The Pittsburgh Steelers have been torched by faster quarterbacks in recent seasons. The likes of Terrelle Pryor and Michael Vick have recently gotten the better of the Steelers' defense in games that Pittsburgh could have won in years past had they done a better job at keeping these quarterbacks contained.
This Sunday, the Steelers go up against the San Francisco 49ers and Colin Kaepernick. The last time Pittsburgh faced San Francisco they saw a very different team that had Alex Smith at quarterback, so we will not use that game for our preview this week. Instead, we look to the 49ers' victory on Monday night against the Minnesota Vikings.
Though Kaepernick did try some passes where he targeted receivers on deeper routes, all 17 of his completions on Monday night were in the short-medium range that were no deeper than 10 yards. The 49ers looked to rely on their ground game with Kaepernick supplementing a scrambling pass attack that made quick passes or utilized his mobility to buy time for receivers running crossing routes.
This play is a basic example of what San Francisco's passing scheme often employs: Kapernick rolls to his right with receiving options dragging across the field for him to target and a blocker/potential receiver to try to give him space or a dump-off.
Kapernick makes this throw for a first down with nobody in his face until it is too late. If the Steelers want to give him a hard time on the big passing downs, they should look to apply pressure from their left (Kaepernick's right) to make it more difficult for the 49ers' quarterback to feel comfortable rolling to his right and being able to process the defense. Forcing Kaepernick to run to his left would require him to use his mobility, but while he's moving he cannot make as well-prepared of a throw because he will have to adjust to get into a proper passing position, giving Pittsburgh more time to chase him as well as make a play on the eventual pass.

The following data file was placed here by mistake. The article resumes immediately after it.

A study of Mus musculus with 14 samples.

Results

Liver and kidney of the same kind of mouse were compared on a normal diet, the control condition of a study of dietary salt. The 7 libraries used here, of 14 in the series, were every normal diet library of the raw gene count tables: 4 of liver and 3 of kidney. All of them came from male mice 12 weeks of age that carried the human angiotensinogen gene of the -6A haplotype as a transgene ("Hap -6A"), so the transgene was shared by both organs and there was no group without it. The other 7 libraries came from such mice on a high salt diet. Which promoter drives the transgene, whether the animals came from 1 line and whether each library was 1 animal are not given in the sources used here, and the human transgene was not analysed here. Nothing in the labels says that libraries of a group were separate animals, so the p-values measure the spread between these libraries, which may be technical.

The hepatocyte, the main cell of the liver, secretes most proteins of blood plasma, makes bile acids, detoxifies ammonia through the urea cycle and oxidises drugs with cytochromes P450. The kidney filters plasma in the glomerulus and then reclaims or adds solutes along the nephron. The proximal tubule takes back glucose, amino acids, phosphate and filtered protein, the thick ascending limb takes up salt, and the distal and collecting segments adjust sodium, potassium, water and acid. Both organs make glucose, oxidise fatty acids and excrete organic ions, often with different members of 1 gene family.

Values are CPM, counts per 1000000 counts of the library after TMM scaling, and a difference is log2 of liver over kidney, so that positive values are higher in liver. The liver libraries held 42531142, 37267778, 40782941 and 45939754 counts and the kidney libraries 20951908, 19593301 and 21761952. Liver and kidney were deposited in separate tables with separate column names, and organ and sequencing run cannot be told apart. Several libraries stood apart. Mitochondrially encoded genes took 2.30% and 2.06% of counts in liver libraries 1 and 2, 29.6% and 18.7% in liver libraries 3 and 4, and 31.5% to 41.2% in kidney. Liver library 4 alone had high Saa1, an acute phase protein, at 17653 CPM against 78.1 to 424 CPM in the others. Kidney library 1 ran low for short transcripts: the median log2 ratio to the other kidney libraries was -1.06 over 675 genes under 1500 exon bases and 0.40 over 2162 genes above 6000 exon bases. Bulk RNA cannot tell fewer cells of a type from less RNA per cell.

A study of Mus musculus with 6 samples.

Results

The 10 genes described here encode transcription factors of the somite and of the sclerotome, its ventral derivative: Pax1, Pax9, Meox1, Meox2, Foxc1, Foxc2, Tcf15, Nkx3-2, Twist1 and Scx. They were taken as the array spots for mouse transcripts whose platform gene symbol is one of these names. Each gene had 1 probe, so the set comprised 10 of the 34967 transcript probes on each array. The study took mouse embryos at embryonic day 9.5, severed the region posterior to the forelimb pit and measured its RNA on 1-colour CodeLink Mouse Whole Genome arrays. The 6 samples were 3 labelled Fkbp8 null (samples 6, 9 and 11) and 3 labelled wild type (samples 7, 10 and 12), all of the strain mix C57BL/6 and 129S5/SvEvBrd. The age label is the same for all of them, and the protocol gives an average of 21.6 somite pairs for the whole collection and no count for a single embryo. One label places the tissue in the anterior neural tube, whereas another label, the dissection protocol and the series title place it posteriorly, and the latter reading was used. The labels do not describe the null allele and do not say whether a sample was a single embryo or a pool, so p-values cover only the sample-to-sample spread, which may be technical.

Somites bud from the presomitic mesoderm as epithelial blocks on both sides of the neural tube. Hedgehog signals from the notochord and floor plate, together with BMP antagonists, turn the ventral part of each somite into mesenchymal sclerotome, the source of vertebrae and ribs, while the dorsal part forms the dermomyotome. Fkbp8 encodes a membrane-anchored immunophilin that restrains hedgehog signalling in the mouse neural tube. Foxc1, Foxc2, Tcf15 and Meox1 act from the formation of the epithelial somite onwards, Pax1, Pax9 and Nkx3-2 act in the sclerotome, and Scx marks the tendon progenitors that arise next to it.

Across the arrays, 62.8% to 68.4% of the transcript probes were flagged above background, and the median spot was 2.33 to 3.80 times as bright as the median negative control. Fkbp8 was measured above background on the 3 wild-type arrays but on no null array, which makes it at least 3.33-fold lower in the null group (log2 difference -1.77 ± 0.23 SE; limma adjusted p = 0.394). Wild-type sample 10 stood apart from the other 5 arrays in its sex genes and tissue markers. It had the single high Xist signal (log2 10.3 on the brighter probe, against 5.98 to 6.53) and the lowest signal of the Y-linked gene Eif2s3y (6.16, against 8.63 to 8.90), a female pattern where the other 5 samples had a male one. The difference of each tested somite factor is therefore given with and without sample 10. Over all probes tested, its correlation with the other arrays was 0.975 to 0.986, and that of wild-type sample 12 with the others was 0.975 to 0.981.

Here the Vikings manage to apply pressure to Kapernick's throwing side with one of their more athletic linebackers in Anthony Barr, essentially doing what we're suggesting the Steelers to plan for in order to make the play more difficult.
However this is where the Steelers' defensive discipline has to improve, in recent years we've seen several poor pursuit angles from our linebackers that have let quarterbacks escape with ease. Here you see a young Barr make a football mistake by targeting his pursuit angle on Kaepernick's front shoulder instead of his back shoulder. This allows Kaepernick to continue is rollout with a slight move that allows him to get outside of Barr and complete a short pass for a first down.
If Barr targets Kaepernick's back shoulder, he gives himself a better chance to make a play on Kaepernick or at least force him to make a move back inside and not convert the first down by completing the pass to his primary receiving option on the play.
If Pittsburgh can force Kapernick to progress through his reads past his first option on plays like these, it will give more time for a collective pass rush to get to Kaepernick and make his job that much more difficult on the big third down plays when the Steelers' defense will need to make stops.
Here the Vikings are able to apply pressure on both the left and right of Kaepernick but leave a huge hole in the middle for him to step up in the pocket and look downfield. While this is bound to happen on blitz packages like this, it may behoove Pittsburgh to keep a linebacker back to spy on Kaepernick and not allow him to create space for him to throw when he does stay in the pocket.
In the preseason we saw the Steelers employ a spy on Aaron Rodgers with Bud Dupree to prevent him from escaping a sack from James Harrison that resulted in a safety. A similar concept may be successful on more third and long situations where Kaepernick will not have the option to dink and dunk to receivers for 4-5 yards.
Pittsburgh will need to do a good job in containing Carlos Hyde and the 49ers' ground game, but if they can force Kaepernick to make not-so-easy decisions in tight situations that require him to make a play, this may be their best opportunity to force their first turnover of the 2015 season. With speedier linebackers in play such as Bud Dupree and Ryan Shazier, Keith Butler may have different schemes drawn up to contain Kaepernick than what we've seen in the preseason and week 1.